1. Thanks to Scott Grannis for this thoughtful response on his Calafia Beach Pundit blog to this CD post about annual M2 growth falling recently to 4.5%, the lowest growth since late 2005, and what that means for future inflation. Scott makes the supply-side case for rising inflation:
One of the key insights of supply-side economics is that free markets are excellent sources of real-time indicators that can be used to tell, for example, whether monetary policy is inflationary or not. It's rather simple: if there are too many dollars in the system, then we would expect to see some or preferably all of the following: a) the value of the dollar falling relative to other currencies, b) gold prices rising, c) commodity prices rising, d) the yield curve steep or steepening, e) credit spreads tightening (since easy money is great for debtors and should reduce default risk), f) inflation expectations as embodied in TIPS prices rising, and g) currency growth falling (currency becomes a hot potato when inflation rises, so the demand for currency should fall). All of these are symptomatic of a situation in which the supply of money exceeds the market's demand for money.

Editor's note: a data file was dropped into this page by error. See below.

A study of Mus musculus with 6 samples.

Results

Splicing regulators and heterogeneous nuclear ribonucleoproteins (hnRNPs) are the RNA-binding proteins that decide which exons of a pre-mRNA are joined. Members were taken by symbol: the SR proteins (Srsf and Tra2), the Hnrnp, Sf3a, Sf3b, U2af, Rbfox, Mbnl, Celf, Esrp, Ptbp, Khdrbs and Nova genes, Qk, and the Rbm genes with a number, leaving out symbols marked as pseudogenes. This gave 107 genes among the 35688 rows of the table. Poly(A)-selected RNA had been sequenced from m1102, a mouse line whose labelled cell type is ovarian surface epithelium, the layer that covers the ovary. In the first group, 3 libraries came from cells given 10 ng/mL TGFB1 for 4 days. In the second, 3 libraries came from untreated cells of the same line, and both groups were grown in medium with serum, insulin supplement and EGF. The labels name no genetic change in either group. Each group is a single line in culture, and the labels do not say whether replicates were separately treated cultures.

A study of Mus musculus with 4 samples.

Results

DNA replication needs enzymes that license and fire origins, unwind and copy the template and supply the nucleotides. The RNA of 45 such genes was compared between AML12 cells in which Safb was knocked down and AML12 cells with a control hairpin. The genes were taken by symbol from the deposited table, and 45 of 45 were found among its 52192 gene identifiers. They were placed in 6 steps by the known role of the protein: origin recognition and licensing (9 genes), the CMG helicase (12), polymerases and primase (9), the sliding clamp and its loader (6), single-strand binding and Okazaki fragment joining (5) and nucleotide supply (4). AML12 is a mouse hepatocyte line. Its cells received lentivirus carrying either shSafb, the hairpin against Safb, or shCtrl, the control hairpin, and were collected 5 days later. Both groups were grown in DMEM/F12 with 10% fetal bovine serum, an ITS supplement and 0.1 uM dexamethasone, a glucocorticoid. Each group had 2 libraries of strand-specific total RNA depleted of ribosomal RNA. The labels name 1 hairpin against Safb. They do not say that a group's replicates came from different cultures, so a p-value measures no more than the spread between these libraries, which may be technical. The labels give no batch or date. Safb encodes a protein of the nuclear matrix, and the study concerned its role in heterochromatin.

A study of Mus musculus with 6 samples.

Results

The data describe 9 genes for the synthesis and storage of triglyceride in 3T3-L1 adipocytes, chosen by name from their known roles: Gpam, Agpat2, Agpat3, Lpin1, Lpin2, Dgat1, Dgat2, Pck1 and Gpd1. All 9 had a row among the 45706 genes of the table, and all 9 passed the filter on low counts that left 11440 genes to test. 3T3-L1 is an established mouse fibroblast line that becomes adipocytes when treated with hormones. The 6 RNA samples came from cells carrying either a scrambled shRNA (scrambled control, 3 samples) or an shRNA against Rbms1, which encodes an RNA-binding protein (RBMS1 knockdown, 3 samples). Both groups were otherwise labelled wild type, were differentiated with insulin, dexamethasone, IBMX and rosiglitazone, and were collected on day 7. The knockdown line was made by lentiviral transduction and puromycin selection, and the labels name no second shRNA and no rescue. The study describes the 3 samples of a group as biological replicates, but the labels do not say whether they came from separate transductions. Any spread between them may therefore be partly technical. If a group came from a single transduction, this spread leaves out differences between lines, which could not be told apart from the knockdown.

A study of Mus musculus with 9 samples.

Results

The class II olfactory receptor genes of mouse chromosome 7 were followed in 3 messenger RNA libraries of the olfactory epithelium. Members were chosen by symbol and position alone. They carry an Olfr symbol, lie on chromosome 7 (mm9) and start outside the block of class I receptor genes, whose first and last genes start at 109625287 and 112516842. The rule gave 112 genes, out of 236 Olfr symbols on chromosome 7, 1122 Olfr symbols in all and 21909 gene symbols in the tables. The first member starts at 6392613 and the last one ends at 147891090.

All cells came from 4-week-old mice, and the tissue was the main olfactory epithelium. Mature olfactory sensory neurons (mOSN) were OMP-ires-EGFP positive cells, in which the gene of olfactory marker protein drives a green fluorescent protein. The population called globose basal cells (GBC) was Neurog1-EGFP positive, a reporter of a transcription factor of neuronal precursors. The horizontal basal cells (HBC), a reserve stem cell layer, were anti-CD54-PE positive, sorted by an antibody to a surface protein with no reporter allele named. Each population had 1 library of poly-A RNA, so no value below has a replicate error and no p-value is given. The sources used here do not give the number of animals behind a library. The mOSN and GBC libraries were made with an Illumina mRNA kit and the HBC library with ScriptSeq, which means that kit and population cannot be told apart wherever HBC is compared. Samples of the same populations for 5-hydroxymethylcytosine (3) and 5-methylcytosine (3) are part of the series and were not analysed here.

Since we have been seeing most or all of these rising inflation symptoms for the past year or so, that's why most supply-siders have been predicting rising inflation even though M2 growth has slowed down rather remarkably (M2 growth is essentially zero over the past six months). Caveat: this is a highly contentious issue about which reasonable men can and do disagree.
2. Speaking of reasonable men/economists disagreeing, the consensus forecast from the most recent (Dec. 4-7) WSJ survey of 52 professional economists seems to disagree that rising inflation will be a problem in 2010 (see chart below). The consensus forecast is for CPI inflation to be about 2% through next year, falling to 1.8% by the end of 2010.
If that is the case, annual inflation in 2010 would be the lowest since the 2.04% inflation in 2003 (December 2002 to December 2003), except for 2008, which experienced almost no inflation (-0.08%). Even Brian Wesbury and Bob Stein are predicting inflation of "only" 3.5% by December 2010, just slightly above the 2.8% average since 1990.